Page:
Ann Arbor, Mich.—People feel strongly about public art.
Take the recent completion of German artist Herbert Dreiseitl's storm water installation in front of Ann Arbor's new municipal center. The tall sculpture collects rain water and filters it through a series of lighted drops and bends, eventually providing water for a colorful garden below.
Sounds pleasant enough, right? What's controversial about a giant water feature surrounded by pretty flowers? Well, if you read through the comments section of annarbor.com's story on the subject, you'd think Dreiseitl's design was closer to the Lenin statue in Seattle's Fremont neighborhood than it was to the humble, abstract water feature that it is.
Like we said, people feel strongly about public art.
This, however, isn't necessarily a bad thing, especially for someone like Connie Brown, one of nine commissioners and head of the Projects Committee for the Ann Arbor Public Arts Commission. The consternation expressed by critics of the municipal center water feature proves that citizens want to be a part of the public art dialog.
“We try to provide a lot of opportunities for different outcomes,” said Brown. The commission relishes the opportunity to engage and interact with the citizens of Ann Arbor. The goal is to result in “different pieces that speak to different people.”
“People question money, the process, the aesthetic outcome,” said Brown. “We hope to have enough variety of pieces, variety of artists, to have something for everyone to like.”
The Ann Arbor Public Arts Commission was officially formed in 2007 to manage the city's Percent for Art ordinance. The ordinance, supported by Mayor John Hieftje and unanimously passed by City Council, guarantees that for every dollar spent on capital improvements paid by the city, one penny—or one percent of the total cost—must be designated for public art projects.
A stipulation to the ordinance is that the art resulting from a capital improvement project must somehow relate back to that project. For instance, the municipal center's water feature was funded through capital improvements to the city's various water and sewer utilities.
The commission hoped residents would approve a 0.10 mill in the recent election. If passed, the Art in Public Places Millage for 2013 – 2016 would have suspended the one percent ordinance, lifting the project-related restrictions placed on the AAPAC and all the while providing guaranteed money.
AAPAC itself is only a recommending body. They identify capital projects that are suited best for public art, projects with high exposure. AAPAC members then establish cost, then find and engage artists suitable to the job. The commission presents opportunities for public art to the city council, which then approves or denies an art project.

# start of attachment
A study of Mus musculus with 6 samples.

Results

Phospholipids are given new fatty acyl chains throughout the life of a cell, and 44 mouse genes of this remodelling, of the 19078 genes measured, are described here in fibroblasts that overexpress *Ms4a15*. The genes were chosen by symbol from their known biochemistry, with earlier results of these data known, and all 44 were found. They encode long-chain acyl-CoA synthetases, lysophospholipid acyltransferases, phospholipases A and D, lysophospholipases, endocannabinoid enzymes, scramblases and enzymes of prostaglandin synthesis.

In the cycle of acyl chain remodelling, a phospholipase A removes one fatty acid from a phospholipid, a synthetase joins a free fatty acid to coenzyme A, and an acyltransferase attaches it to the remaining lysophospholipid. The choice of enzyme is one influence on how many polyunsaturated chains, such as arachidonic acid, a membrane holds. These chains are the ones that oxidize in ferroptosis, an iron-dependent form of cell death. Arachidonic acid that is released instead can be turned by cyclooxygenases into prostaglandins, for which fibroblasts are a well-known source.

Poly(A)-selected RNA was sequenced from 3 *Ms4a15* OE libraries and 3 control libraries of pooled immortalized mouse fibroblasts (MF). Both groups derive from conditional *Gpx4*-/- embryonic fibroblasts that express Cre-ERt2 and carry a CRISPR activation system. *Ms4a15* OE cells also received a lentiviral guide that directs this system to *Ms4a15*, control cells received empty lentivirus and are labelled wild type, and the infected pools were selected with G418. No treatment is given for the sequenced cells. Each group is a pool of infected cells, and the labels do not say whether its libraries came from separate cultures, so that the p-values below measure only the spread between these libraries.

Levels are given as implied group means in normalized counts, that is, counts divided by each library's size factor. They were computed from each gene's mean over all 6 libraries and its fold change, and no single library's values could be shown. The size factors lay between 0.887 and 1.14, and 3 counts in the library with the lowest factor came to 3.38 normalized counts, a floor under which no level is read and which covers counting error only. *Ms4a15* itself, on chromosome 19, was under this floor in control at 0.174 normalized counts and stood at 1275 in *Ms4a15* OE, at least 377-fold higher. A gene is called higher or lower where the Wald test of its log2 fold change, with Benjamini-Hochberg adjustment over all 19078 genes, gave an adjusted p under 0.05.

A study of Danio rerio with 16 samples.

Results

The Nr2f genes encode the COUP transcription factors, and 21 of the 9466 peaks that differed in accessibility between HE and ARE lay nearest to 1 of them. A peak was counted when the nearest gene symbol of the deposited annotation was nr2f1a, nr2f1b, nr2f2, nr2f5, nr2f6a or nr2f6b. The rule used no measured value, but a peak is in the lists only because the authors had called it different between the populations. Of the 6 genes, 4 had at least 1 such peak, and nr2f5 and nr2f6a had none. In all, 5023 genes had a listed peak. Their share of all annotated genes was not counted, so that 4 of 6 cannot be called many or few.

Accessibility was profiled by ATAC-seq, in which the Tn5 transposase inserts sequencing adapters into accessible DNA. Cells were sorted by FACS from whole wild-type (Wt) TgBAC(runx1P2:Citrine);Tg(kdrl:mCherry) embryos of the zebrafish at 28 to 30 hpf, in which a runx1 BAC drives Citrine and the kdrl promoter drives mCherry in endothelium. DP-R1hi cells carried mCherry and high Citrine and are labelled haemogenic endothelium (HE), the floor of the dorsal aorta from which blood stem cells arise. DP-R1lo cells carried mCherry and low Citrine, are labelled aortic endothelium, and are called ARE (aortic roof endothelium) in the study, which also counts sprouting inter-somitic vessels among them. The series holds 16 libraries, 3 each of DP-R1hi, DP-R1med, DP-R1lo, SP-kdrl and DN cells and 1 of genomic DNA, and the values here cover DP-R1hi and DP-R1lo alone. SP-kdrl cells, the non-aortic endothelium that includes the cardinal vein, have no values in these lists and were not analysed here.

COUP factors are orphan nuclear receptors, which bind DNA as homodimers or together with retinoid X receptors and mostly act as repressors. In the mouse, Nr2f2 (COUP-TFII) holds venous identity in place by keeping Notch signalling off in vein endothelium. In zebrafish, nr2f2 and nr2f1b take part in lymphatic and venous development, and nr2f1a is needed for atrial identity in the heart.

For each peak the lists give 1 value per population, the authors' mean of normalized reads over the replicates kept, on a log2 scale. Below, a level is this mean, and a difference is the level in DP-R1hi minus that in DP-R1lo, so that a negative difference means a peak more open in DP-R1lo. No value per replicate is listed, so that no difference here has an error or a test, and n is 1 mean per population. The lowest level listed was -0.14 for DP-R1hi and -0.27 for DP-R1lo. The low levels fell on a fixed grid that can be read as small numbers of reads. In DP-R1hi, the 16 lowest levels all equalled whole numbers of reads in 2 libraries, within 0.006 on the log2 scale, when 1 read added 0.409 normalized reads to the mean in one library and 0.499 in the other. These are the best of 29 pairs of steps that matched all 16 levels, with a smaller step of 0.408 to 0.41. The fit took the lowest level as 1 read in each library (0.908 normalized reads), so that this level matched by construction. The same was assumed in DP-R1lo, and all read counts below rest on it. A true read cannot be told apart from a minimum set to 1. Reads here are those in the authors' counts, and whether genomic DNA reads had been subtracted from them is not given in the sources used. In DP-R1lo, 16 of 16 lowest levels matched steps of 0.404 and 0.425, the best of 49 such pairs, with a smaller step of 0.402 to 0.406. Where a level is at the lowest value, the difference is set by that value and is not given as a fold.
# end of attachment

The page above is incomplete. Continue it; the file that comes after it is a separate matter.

And that's not even the hard part. Marsha Chamberlin is chair of the commission. Besides cost, aesthetics, and community engagement, the potential for a project's success contains a number of “hidden elements.”
“The real challenge is determining the construction, durability, and public safety issues [of a project],” Chamberlin said.
AAPAC has successfully ushered through a number of public art projects to completion with several more on the horizon. Most recently, the shelter in Allmendinger Park received a colorful mosaic treatment from local artist Mary Thiefels. Included in the mosaic are self-portraits painted by students from nearby Slauson Middle School.
The shelter is an example of place-making, or what Connie Brown means when she says that AAPAC's goal is to create “an avenue for someone to come in and give something uninspired some beauty.”
The commission has been holding a series of public meetings to engage residents in such place-making decisions. The first saw Brown give a brief presentation that high-lighted successful public art projects from all over the world and then segued into a more local focus. Brown then led an open discussion with residents, identifying areas ripe with potential for public art.
Apparent from the meeting is that people key in on art with an interactive bent. As one audience member put it, “No one's mentioning a bronze statue of the mayor.” What people were mentioning were the fun and interactive: fountains that shoot up from the pavement that kids can run through, sculptures that can be climbed on and posed with, and the famous Cloud Gate sculpture—or giant mirrored bean—in Chicago.
“If you're using tax payer dollars, it's important to respect the source,” said Chamberlin. “There may be more people who want to be involved. The more you engage people, the more they understand and you'll find more advocates than critics.”
As audience-members attempted to identify existing works of public art in the city, the idea of guided tours began to get tossed around. AAPAC commissioner Bob Miller was one step ahead of the crowd—literally.
Miller, an enthusiast of both art and fitness, has been plotting a public art running tour. Already a member of local running group PR Fitness, Miller designed a 6 mile run to weave through the Tree Forms in West Park to the Cube on the University of Michigan campus.
“My wife, daughters and I live blocks from downtown and we love to walk, bike and run through Ann Arbor. This is another reason I wanted to get involved with AAPAC, as I spend as much time out-side as I can enjoying my surroundings,” said Miller. “The primary reason we live so close to the city is so we can enjoy the city's pedestrian qualities, and I want to facilitate public art as being a part of my urban landscape, for myself and others to appreciate.”
Facilitating public art as part of the urban landscape is what the AAPAC is all about. Or as Connie Brown puts it, “Where art isn't something distant from you.”
Take Action: Do you have a favorite piece of public art? Take a photo of it on Instagram and tag it as #MSPubArt or tell us about it in the comments below.